Most experts agree that weight training is more suitable for burning fat than cardio training because every kg of muscle mass increases the daily basal metabolic rate by 100kcal. The two most popular sports are running and football, but which one is better for losing weight?

Most football players don't play football because they want to lose weight. Football is a teamsports and thus focuses on playing with friends and having fun with a group in a competitive environment. You are part of a team with everyone wearing the same football kit which makes it easier for many people to get motivated. Running on the other hand is a little bit different: weight loss is one of the main reasons why people want to get into the habit of running regularly. But is running really the right choice?

The Small Difference - Comparable Conditions

Running is not necessarily running while playing football is not necessarily playing football. A top runner running 90 minutes straight will burn considerably more calories than some football goal keeper during a match. That's why both sports can only be compared when the conditions are similar. Let's take a sports enthusiast called Stephen. He is 25 years old, weighs 75kg and is in good physical condition. In his free time he likes jogging and playing football.

Football: Playful Interval Training

Stephen is a midfielder in a club and this position requires him to run a lot at difference paces in intervals: many jogging phases mixed with several short but fast sprints. During half time he gets to have a 15 minute break. At the end of the game he has covered a distance of about 10km. The exact amount of burnt calories cannot be determined because football players have to take off watches etc. which might harm their team mates or their opponents during the game.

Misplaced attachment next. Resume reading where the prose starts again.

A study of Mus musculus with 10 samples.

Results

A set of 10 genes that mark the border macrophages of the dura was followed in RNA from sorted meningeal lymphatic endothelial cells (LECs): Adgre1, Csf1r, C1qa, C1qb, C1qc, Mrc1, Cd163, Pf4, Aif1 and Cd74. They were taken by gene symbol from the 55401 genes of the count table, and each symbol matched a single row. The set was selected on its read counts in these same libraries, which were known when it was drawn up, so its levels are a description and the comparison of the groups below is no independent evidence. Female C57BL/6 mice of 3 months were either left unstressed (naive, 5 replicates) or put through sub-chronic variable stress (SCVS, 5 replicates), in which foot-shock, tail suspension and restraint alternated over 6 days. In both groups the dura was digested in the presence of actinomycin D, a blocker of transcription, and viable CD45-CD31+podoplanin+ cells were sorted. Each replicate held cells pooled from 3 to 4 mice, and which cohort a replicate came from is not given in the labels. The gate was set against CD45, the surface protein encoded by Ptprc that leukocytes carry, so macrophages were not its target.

Everytime Stephen sprints he pushes his pulse beyond the anaerobic threshold. That's why a football player in essence completes a 90 minute interval training after every game. Due to the high strain the player burns calories even after the game has ended. He burns fat hours after he has stopped working out.

Endurance Run: Regular Pace And Regular Pulse

It's easier to measure the calories burnt during a 90 minute endurance run. Let's assume that Stephen runs at an average speed of 10km/h. That means that it in the given time he will run 15km and burn approximately 1100kcal. So Stephen would run a longer distance in 90 minutes than he would during a football game.

However, does Stephen burn more fat when running? Not necessarily, because Stephen is in good physical condition and his pulse stays below the aerobic-anaerobic threshold during this constant strain. This means that he won't burn calories after he finished the exercise to the same extent he does when playing football. In order to achieve this “burn after running” effect he'd have to run for much longer or alternatively, he could incorporate interval training into his run. This burns up to 30 per cent more fat than just one long endurance run.

Study Shows: Breaks During Interval Training Are Good for You

The idea that exercise is best when done without any breaks is faulty. Scientists at the University of Tokyo have found out that one burns more fat when jogging 30 minutes twice with a ten minute break in-between. During the last 15 minutes the concentration of free fatty acids and glycerine increases in the blood stream while the insulin level sinks. All these signs indicate effective fatburning. That's why a footballer who isn't being replaced burns more fat in the second half.


At the end of the day it depends on what motivates you. Exercise is good for you no matter what but the key is to stick with it. If you are the type that has trouble motivating himself on his own then a teamsports is a much better choice than solitary running. If you prefer running to playing a team sports you should try and incorporate running intervals into your exercise to optimise the fat burning process.